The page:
VETERAN LAWMAKER FACES TWO FELONY CHARGES …
S.C. Senator John Courson has been suspended from office pending the outcome of multiple criminal charges filed against him on Friday, sources familiar with the situation tell FITSNews.
That means his Senate desk (above) could remain vacant for several months – assuming he makes good on his word to fight the charges against him.
A letter suspending Courson was filed with the clerk of the State Senate early Friday afternoon. Letters aside, Courson’s suspension was automatic because he has been charged with a felony (two, actually) – carrying a possible jail term of more than ten years.
What did he do?
According to a trio of indictments unsealed on Friday, the 72-year-old lawmaker is accused of routing nearly a quarter of a million dollars through his campaign account to a company run by his political consultant, neo-Confederate “Republican” Richard Quinn. Roughly half of that money was then allegedly funneled back to Courson via “multiple transactions” totaling more than $130,000.
Courson has been charged with one ethics violation and a pair of misconduct in office charges in connection with the alleged scam – which is said to have transpired between 2006 and 2012.
Here are the indictments …
(Click to view)
Of interest? Several of the alleged kickbacks to Courson came during the time he was starring in some shady political ads produced on behalf of U.S. Senator Lindsey Graham, who at the time was the lone Republican in Washington, D.C. supporting former president Barack Obama’s carbon tax hike.
Like Courson, Graham is another client of “The Quinndom,” the consulting empire that appears to be the focus of the ongoing investigation – which was first exposed by this website way back in September 2014.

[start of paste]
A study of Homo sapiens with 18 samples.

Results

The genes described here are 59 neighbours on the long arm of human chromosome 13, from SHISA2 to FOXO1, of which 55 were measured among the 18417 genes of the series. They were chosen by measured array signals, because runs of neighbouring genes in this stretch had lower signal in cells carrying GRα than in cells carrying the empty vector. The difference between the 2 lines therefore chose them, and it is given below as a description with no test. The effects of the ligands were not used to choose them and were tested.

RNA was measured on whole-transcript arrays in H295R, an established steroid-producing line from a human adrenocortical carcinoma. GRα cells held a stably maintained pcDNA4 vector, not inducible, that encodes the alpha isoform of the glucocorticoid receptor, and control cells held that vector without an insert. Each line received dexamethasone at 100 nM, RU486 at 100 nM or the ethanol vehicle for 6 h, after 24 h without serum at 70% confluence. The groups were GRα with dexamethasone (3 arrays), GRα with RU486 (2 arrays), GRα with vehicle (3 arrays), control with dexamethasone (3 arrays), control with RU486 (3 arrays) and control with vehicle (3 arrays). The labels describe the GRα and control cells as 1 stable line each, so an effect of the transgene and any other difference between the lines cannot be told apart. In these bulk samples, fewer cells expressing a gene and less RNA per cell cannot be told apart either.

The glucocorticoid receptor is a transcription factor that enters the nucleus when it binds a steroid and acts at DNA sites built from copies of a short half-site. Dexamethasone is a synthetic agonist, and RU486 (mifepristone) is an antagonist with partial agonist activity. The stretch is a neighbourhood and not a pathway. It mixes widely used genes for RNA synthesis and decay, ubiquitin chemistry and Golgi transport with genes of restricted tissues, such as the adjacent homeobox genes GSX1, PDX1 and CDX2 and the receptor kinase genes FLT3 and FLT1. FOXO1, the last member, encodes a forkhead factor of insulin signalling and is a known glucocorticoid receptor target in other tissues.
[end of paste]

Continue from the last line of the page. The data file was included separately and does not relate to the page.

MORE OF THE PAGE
As this website exclusively reported last spring, both Richard Quinn and his son – S.C. Rep. Rick Quinn – were named in the still-secret pages of a December 2013 investigative report prepared by the S.C. State Law Enforcement Division (SLED). That document formed the basis for the current investigation, which seeks to determine whether state lawmakers have been abusing their positions of public trust for personal gain.
According to sources familiar with the report, the Quinns were mentioned by S.C. Rep. Jimmy Merrill – who was suspended from office earlier this year after getting slapped with a thirty-count indictment that could land him in jail for more than six decades.
Merrill has yet to negotiate a plea deal with prosecutors – and could be facing additional charges in connection with the investigation, which is being led by S.C. first circuit solicitor David Pascoe.
Previously, Pascoe’s probe brought down powerful former S.C. Speaker of the House Bobby Harrell. After pleading guilty to six ethics violations in October 2014, Harrell resigned his office, received three years of probation and agreed to cooperate with prosecutors – which he has done.
He has been an ally of Quinn’s consulting empire for decades.